The Testament of Jessie Lamb (Review)

Book cover for "The Testament of Jessie Lamb" by Jane Rogers.Title: The Testament of Jessie Lamb

Author: Jane Rogers

Publication Year: 2012

Pages: 256

Genre: Fiction, Dystopian

Source: Review copy from the publisher through NetGalley

From the cover:

A rogue virus that kills pregnant women has been let loose in the world, and nothing less than the survival of the human race is at stake.

Some blame the scientists, others see the hand of God, and still others claim that human arrogance and destructiveness are reaping the punishment they deserve. Jessie Lamb is an ordinary sixteen-year-old girl living in extraordinary times. As her world collapses, her idealism and courage drive her toward the ultimate act of heroism. She wants her life to make a difference. But is Jessie heroic? Or is she, as her scientist father fears, impressionable, innocent, and incapable of understanding where her actions will lead?

Set in a world irreparably altered by an act of biological terrorism, The Testament of Jessie Lamb explores a young woman’s struggle to become independent of her parents. As the certainties of her childhood are ripped apart, Jessie begins to question her parents’ attitudes, their behavior, and the very world they have bequeathed her.

I first picked up this book because I found the premise interesting. A virus that kills pregnant women? Definitely up my alley. What I didn’t understand, though, was that the virus kills them as their pregnancy progresses, and that they can still get pregnant – there’s nothing stopping that from happening to begin with. For some reason, I had been under the impression that this meant that all currently pregnant women were dying, and that that would be the end of reproduction because no one would get pregnant after that, not because they would die from doing so.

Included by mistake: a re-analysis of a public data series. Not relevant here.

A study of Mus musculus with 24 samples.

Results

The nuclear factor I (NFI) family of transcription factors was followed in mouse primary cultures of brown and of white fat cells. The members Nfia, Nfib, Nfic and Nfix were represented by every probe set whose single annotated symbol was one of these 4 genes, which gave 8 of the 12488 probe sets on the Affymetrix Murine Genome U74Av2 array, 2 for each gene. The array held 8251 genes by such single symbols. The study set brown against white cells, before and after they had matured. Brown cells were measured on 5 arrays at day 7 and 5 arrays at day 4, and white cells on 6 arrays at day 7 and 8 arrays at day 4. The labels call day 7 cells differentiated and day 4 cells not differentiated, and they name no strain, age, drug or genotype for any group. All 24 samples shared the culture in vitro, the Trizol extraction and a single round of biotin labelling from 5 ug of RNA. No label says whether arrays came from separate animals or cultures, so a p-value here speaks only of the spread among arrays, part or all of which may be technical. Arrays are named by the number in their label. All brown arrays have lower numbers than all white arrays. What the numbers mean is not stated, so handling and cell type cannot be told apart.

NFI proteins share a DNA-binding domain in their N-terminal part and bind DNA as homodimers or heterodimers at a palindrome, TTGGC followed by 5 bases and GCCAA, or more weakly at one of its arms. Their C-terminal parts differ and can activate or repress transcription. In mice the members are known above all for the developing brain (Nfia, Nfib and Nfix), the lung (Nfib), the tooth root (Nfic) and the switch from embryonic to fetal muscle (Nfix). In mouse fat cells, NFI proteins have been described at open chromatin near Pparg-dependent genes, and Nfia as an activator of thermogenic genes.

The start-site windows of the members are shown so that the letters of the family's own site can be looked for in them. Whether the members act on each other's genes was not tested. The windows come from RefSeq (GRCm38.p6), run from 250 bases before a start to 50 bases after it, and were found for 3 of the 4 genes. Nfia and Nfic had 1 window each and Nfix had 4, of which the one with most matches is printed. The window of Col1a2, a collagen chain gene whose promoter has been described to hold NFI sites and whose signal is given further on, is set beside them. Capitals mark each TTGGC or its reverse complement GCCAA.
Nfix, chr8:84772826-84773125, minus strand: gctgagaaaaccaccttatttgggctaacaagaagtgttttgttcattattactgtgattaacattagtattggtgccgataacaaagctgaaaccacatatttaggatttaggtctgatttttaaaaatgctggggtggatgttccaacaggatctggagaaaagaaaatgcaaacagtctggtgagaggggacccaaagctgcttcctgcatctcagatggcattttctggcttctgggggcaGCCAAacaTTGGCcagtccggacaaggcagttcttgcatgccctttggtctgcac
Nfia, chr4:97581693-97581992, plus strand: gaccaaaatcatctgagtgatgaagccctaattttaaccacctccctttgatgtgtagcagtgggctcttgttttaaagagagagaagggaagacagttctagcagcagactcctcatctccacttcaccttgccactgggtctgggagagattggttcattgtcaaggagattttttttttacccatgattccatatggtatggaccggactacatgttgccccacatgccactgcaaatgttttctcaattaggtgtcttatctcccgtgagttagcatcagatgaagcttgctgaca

So anyways, after that part was revealed, the real strength of Rogers’ book really became clear: the moral dilemmas that everyone – from parents to teenagers, from scientists to religious leaders – has to wrestle with. There are so many questions that need answering, and no clear answers. How will the human race survive? Are the lives of babies more important than the lives of the girls who are luckily (or unluckily) young enough to be able to survive the ordeal? How far can medical science go before it’s too far?

What I found most interesting about The Testament of Jessie Lamb was the dance that each character had to do in order to navigate the fine line between right and wrong … if there even is one. Most dystopias that I’ve read in the past have a very clearly defined cause for the way things have become; in this book, nobody knows where the virus really came from, and are instead left to deal with the aftermath without any preconceived ideas about who’s to blame. (Or, at least, none that are definitely true.) I loved the moral ambiguity of Jessie Lamb: no one is definitely right or wrong, and everyone is left to make their own decisions about what is ethical for them.

I was drawn into this story by the premise, but I kept reading because of the characters. The ways in which their lives, beliefs, and actions overlapped was fascinating. Jessie, as the narrator, came across as both an intelligent and intriguing teenager trying hard to reconcile her values with what is happening in the world around her, and a self-centered girl who doesn’t care about the way her actions will affect those around her. And the other characters, her friends and family in particular, had their own contradictions and complications.

If you’re a fan of dystopias, or you want to read a book that will really make you think, The Testament of Jessie Lamb is a great choice.